Countries with sovereign funds face a dilemma over whether or not to use them to combat the Covid-19 pandemic. These nations have to  balance objectives of stabilising present-day economies versus safeguarding wealth for future generations. But as governments engage in large-scale state-driven financial assistance to the private sector, they should also be thinking about how they can take advantage of the structure, expertise and experience housed in sovereign funds to support economies effectively and sustainably.

State-driven assistance has so far taken the shape of direct aid and company guarantees. For example, the European Commission has approved more than €2tn of state aid, in some cases with conditions covering dividends and executive bonus payments. The use of sovereign funds could enable a different model for the provision of state aid. Instead of tax breaks or subsidies, governments could offer support to corporates in the form of buying equity stakes at distressed values, which can then be deposited in sovereign fund portfolios. There are precedents to this. In the 2008 financial crisis, the US government took an equity stake in companies such as General Motors; during the 2014 oil price collapse, Middle Eastern sovereign funds were used to plug holes in government budgets. Where no sovereign funds exist, they could be created through strengthening the investment vehicles managing existing government-owned corporate stakes. For example, the French and Dutch governments own stakes in the KLM-Air France Group, while Germany and the UK partly own Commerzbank and RBS respectively.

Politically, such practices are more likely to succeed in sectors of national strategic importance, such as transport and energy. This would continue a trend that has seen sovereign funds raise their allocations to real assets such as infrastructure. The list of industries considered to be of national importance may increase as the pandemic forces companies to shorten supply chains and governments to balance domestic manufacturing against the benefits of global trade.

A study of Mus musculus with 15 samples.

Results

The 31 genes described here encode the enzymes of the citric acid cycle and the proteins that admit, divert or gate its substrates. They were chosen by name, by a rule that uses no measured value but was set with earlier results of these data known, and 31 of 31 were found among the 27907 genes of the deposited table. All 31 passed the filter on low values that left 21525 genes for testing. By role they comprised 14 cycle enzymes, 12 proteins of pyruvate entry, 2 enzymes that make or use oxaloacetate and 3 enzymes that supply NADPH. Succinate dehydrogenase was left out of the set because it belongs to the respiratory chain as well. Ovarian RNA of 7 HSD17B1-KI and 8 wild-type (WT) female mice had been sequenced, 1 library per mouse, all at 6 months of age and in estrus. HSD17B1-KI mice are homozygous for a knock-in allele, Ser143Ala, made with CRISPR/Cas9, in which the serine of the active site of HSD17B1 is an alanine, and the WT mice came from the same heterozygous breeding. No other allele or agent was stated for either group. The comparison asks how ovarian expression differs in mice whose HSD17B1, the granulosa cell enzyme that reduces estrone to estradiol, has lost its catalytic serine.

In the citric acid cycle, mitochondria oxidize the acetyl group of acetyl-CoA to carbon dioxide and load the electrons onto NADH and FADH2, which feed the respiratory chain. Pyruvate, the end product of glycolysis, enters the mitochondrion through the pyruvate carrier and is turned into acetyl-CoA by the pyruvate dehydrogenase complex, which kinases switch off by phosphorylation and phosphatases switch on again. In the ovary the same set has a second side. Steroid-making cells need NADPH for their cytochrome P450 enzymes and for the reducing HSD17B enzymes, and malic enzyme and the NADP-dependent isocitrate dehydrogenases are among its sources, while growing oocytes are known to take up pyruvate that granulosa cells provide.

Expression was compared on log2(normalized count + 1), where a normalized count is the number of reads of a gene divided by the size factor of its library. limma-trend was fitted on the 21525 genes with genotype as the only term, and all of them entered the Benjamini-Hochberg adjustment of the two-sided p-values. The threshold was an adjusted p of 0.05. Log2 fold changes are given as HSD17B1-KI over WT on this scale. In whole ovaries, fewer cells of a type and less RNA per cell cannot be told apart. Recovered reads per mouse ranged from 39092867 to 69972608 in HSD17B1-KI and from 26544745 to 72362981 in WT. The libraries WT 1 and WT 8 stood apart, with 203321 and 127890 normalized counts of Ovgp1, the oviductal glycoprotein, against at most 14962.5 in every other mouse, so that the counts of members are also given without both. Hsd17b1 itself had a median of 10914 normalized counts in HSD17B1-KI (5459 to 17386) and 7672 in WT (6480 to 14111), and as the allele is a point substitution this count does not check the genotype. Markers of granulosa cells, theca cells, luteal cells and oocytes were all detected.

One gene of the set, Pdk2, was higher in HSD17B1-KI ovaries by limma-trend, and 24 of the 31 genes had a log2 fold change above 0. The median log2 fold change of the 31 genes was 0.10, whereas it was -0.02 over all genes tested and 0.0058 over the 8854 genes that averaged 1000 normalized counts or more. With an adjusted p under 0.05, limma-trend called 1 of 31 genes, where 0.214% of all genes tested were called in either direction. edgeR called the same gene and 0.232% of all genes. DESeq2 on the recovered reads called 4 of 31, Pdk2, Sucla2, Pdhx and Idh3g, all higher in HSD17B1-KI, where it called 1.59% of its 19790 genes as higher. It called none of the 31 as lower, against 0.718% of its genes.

Hard-hit airlines, car manufacturers and railway operators would make strong candidates for existing sovereign fund portfolios. The International Air Transport Association estimates that airlines globally could lose more than $419bn in revenue this year. Sovereign funds such as Temasek, Khazanah and Dubai Investment Corporation have offered financial support ranging from $2bn-$13bn to their respective national carriers.

A key advantage to deploying sovereign funds as guardians of government influence on corporates supported through state aid is the existing expertise, skills and capacity in taking a seat on corporate boards. Governments can use the skills and experience of sovereign funds – for instance by bringing in fresh expertise to corporate boards – to improve performance of companies receiving state aid. Environmental, social and governance objectives have gained great prominence in the agenda of both central banks and sovereign funds.

For governments, the importance of an ESG-minded direction as a condition for state aid is already visible. The French government linked its support for Air France on the carrier committing to ‘reduce its CO2 emissions on long and medium-haul routes by 50% per passenger and kilometre by 2030’. Canada’s Prime Minister Justin Trudeau announced in May that Canadian companies seeking relief funding would have to disclose their climate impacts and commit to environmental sustainability objectives. For recipient companies with turnover of more than $300m this would mean publishing annual disclosure reports in line with the Financial Stability Board’s Task Force for Climate-related Financial Disclosures – so far a voluntary arrangement.

Sovereign funds can support green recovery through their debt issuance. Italy’s Cassa Depositi e Prestiti has pioneered sustainability and social bonds issuance, most recently with its Covid-19 social response bond supporting enterprises hit by the pandemic. In general, sovereign funds can use their expertise and familiarity with sustainable assets to support government efforts to raise additional finance.

In prioritising sustainable recovery, governments will need to guide corporate relief in ways that ensure public money does not accelerate the climate crisis. Boosting sovereign funds purely to promote national champions could distort international competition and raise political tensions. But, if they follow the right principles, and subject to strong oversight and guidance, sovereign funds can help governments use state aid to promote sustainability.

Danae Kyriakopoulou is Chief Economist and Director of Research at OMFIF. For more on public investors’ role in supporting crisis-fighting efforts, register for the Europe or Asia launch of the Global Public Investor 2020.